A lot of marketers like love to use the phrase “multichannel marketing.” Not many marketers admit that this phrase is overused. This phrase is overused! We all have that boss, colleague, or friend who speaks exclusively in business cliches, right? Phrases like the following tend to make me cringe: “Move the needle,” “Too many cooks in the kitchen,” “Scalable,” “Drinking from a fire hose,” and my personal favorite, “Let’s put lipstick on this pig.” So is “multi-channel marketing” just another “groaner” of a cliche or is there something more for us marketers?
Let’s dig deeper: What do marketers mean when we talk about ‘multichannel marketing?’ At its essence, ‘multichannel’ is exactly as it reads: multiple channels. What’s a channel? A channel is the medium or platform through which we are reaching our audience. In the marketing world, this typically refers to platforms like company web pages, email, video, social media, organic search and sponsored listings on Google (PPC) or other websites. It can also refer to more traditional media like events, TV, radio and print publications. Marketers often use it to suggest a form of marketing that is integrated across channels; in other words, campaigns “talk” to each other.
One simple example of how a message can cross platforms is when any campaign is used in conjunction with email. It is often the common thread across other marketing media because it can be used to promote any message or link to any other valuable information or assets (e.g., a video, a product/service, a corporate homepage, a special offer, an event registration, a social media profile).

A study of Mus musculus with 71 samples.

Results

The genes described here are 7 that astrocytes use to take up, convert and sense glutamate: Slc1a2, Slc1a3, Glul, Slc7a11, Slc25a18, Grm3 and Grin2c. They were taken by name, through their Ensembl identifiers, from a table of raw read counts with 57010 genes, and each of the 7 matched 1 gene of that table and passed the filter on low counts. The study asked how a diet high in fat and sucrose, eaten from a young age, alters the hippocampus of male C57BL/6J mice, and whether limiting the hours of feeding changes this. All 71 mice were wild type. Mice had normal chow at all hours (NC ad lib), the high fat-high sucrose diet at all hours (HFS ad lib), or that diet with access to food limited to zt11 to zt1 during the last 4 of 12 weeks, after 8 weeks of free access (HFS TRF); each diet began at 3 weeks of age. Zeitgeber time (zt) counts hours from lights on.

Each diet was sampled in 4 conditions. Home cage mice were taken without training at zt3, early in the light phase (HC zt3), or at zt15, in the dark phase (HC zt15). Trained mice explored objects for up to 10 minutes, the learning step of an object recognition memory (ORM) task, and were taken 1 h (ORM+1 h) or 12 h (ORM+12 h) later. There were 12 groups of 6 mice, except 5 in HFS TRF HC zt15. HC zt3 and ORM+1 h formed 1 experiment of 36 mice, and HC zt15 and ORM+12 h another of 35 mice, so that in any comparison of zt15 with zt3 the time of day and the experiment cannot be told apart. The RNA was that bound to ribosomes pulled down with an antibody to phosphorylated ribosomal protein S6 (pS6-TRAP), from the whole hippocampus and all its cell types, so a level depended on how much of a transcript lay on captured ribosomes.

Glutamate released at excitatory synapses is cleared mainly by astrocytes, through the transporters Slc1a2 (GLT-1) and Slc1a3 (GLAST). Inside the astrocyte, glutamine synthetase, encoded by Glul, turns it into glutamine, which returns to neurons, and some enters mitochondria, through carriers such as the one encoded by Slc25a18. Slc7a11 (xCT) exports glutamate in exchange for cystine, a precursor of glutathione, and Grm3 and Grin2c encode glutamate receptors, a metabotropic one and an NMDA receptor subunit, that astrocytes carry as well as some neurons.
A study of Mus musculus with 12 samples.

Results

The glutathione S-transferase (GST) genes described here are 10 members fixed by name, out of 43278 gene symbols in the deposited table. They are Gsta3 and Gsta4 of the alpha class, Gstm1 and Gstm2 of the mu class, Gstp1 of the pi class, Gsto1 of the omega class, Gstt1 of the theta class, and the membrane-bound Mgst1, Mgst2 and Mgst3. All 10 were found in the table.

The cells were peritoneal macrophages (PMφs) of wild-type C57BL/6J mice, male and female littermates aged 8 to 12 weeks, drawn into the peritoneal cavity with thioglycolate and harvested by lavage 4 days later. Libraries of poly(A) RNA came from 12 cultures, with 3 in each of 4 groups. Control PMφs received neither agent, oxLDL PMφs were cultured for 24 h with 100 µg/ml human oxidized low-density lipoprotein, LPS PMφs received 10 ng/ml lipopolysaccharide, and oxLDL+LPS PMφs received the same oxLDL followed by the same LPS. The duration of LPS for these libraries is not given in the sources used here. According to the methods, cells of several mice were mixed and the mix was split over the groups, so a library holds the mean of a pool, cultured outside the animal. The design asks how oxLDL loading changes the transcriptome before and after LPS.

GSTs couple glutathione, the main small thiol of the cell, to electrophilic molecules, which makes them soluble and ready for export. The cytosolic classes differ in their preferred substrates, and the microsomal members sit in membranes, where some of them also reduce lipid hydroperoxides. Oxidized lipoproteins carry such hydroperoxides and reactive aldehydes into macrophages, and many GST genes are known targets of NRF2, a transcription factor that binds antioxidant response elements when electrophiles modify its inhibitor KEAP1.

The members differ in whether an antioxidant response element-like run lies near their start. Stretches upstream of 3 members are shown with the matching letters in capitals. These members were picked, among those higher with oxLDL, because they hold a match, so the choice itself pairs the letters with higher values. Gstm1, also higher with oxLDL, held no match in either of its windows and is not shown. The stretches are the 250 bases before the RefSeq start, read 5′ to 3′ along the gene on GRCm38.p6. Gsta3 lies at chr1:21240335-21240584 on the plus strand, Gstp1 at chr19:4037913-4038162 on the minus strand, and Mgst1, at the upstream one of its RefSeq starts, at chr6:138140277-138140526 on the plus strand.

I think the greater significance in all the hype around channels or ‘holistic marketing’ is having knowledge of how to effectively coordinate messaging among the vast array of digital outlets … and how to connect the digital to the traditional (or online to offline) when applicable. For example, attending a trade show or conference these days can involve company print ads, brochures, signs, banners, merchandise, mobile devices, social media, blogging, email campaigns, lead-collection, and landing pages—all of which should be interrelated in some way to promote consistent messaging and branding.
This is where marketing automation can save marketers time. Marketing automation platforms make it easier to not only create and coordinate these campaigns across different spaces (real and virtual), but also track the expenses and return-on-investment. As a result, traditional activities like event marketing can cast a wider net and be measured with a more precise gauge of profitability because you can nurture (with quality content) and track sales leads from the moment of shaking hands at your company sponsor table to the signing of a contract potentially one year later. Offering prospects this type of value and your CFO or chief revenue officer this type of accountability both increases the productivity of “traditional” marketing and enables the justification of your marketing budget down to the dollar.
So, the next time you hear somebody talk about “multichannel marketing,” get beyond the surface (and the cliches) and recognize some of the real potential of today’s brand of not just email marketing…not just digital marketing…not just marketing automation…but full-blown Customer Lifecycle Marketing!